If the positive reaction of Irish business to the budget is translated into creative action, then the worst effects of the recession may have passed; the domestic economy will expand and jobs will emerge at a faster pace. That was the Government’s objective when it minimised tax increases and service cuts and concentrated on promoting homegrown enthusiasm and growth as it prepares to exit the EU-IMF bailout programme in December.
Ireland’s international standing is already in positive territory, as shown by falling interest rates on Government borrowings and record inward investment . That positive perception will have been helped, rather than hindered, by Michael Noonan’s announcement that “stateless” companies – for the purpose of aggressive tax-planning – will no longer be welcome here. By taking the initiative in supporting broad OECD reform, the Minister for Finance will have reduced pressure on our 12.5 per cent corporate tax regime.
A long road and a great deal of tough bargaining lie ahead. Seven austerity budgets have brought increasing poverty and falling living standards, but Ireland still has the highest government deficit within the EU. The crisis may be contained, but it has not been banished. Significant economic growth is needed. In addition, the Government’s fiscal strategy relies on further debt relief and delivery on an EU commitment to treat direct recapitalisation of Irish banks as a special case.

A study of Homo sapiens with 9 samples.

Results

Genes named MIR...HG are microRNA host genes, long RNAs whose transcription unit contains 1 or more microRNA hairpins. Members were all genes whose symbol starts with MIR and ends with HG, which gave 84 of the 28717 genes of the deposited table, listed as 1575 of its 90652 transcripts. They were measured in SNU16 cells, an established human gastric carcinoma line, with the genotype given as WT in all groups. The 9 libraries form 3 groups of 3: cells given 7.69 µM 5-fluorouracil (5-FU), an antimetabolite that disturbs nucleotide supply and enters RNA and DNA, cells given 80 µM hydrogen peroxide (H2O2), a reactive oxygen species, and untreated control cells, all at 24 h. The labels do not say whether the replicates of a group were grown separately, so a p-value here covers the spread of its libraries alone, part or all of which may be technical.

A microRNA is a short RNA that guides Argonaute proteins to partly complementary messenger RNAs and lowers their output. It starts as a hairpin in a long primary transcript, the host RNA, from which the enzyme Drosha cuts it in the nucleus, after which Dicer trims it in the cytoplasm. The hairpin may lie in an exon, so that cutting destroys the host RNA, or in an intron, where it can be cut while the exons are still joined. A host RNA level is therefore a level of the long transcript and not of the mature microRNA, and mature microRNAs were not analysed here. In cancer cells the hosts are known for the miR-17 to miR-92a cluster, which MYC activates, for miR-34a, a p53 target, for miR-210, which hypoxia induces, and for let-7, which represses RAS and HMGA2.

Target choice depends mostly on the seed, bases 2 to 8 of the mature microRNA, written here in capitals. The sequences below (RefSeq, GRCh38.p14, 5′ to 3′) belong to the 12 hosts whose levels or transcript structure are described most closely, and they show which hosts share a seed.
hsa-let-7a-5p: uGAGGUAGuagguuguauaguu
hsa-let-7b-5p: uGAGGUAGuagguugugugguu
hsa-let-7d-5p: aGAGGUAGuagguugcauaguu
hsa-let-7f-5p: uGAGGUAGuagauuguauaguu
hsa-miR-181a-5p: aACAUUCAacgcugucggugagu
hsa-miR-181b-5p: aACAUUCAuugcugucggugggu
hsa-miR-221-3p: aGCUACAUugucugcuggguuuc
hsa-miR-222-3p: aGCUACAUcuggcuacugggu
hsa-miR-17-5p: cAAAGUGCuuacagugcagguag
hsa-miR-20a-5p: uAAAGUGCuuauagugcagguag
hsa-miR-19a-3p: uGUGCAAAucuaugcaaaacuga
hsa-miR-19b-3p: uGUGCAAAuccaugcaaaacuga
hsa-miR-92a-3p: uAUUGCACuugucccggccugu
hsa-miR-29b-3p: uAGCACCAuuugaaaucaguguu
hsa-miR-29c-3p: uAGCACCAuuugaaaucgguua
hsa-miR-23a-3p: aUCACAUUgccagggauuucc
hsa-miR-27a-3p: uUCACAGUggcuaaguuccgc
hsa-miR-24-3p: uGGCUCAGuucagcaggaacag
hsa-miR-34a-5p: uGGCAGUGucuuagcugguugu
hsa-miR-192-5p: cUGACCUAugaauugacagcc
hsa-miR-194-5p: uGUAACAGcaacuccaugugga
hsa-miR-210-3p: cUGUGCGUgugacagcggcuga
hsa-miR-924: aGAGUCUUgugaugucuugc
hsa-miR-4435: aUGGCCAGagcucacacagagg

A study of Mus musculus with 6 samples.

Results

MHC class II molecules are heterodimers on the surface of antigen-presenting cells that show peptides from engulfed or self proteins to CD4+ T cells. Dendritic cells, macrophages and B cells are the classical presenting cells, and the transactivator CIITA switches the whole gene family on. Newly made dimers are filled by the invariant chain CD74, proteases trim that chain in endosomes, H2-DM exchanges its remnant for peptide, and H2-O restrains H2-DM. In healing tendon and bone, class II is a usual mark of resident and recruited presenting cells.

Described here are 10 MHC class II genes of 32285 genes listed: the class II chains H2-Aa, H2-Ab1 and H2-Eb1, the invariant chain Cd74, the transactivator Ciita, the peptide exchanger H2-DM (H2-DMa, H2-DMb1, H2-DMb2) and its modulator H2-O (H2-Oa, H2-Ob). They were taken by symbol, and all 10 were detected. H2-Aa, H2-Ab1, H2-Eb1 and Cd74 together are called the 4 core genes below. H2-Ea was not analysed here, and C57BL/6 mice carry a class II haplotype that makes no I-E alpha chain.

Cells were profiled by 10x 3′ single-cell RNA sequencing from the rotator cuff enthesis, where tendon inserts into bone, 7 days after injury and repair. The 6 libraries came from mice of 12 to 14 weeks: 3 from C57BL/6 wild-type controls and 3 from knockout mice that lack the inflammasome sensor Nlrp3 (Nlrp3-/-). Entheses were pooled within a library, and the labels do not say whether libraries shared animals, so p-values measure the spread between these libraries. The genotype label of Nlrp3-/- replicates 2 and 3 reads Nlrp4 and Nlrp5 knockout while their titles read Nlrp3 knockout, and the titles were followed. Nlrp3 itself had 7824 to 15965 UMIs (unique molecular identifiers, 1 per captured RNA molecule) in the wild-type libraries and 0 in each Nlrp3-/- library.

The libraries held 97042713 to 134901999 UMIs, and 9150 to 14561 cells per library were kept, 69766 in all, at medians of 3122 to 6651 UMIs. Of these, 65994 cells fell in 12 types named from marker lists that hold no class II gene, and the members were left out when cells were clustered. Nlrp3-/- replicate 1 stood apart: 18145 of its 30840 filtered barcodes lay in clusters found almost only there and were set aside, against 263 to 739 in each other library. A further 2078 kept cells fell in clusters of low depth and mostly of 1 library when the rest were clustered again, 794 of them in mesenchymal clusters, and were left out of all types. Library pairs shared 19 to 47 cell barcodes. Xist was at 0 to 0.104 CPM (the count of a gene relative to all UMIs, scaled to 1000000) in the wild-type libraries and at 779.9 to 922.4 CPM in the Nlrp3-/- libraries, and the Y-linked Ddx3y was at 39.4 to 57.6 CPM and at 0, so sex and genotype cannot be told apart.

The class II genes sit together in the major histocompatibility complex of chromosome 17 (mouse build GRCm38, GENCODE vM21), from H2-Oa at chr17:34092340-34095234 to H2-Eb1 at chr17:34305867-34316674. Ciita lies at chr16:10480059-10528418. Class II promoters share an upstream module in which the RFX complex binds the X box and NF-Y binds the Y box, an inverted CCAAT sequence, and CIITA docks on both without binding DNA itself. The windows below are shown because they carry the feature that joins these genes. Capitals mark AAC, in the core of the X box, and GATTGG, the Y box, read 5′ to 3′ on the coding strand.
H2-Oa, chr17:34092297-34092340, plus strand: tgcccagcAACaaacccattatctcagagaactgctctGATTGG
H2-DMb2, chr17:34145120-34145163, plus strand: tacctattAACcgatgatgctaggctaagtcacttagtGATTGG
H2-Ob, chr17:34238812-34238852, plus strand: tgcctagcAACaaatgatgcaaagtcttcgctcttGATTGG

There is a sense of unrealised potential, of latent growth, behind recent economic surveys. Management purchasing indexes have turned sharply positive; the private sector is creating jobs; exports have risen, in spite of expiring drug patents; the international economic outlook has become more favourable; building and construction is showing tentative growth, as is the domestic retail sector. The trends, however, are not strong enough to seriously challenge an unemployment rate of 13.3 per cent.
Jobs are being created at a rate of more than 3,000 a month and that figure is expected to rise. The Department of Finance estimates that, by the end of next year, unemployment will have fallen to 12.4 per cent, from 14.7 per cent in 2012. That represents useful, but inadequate progress. International growth remains sluggish. On a more positive note, the economy is gaining traction and expected to expand by 1.7 per cent next year. The budget anticipated that gross domestic product will grow by 2 per cent next year, rising to 2.8 per cent in 2016. Such a gradual recovery would be insufficient to transform the fortunes of the Government in an election year. That is why the budget is being presented as a springboard for growth. Ministers hope that a range of stimulus measures will spark the kind of chain reaction that saw rapid growth in the 1990’s.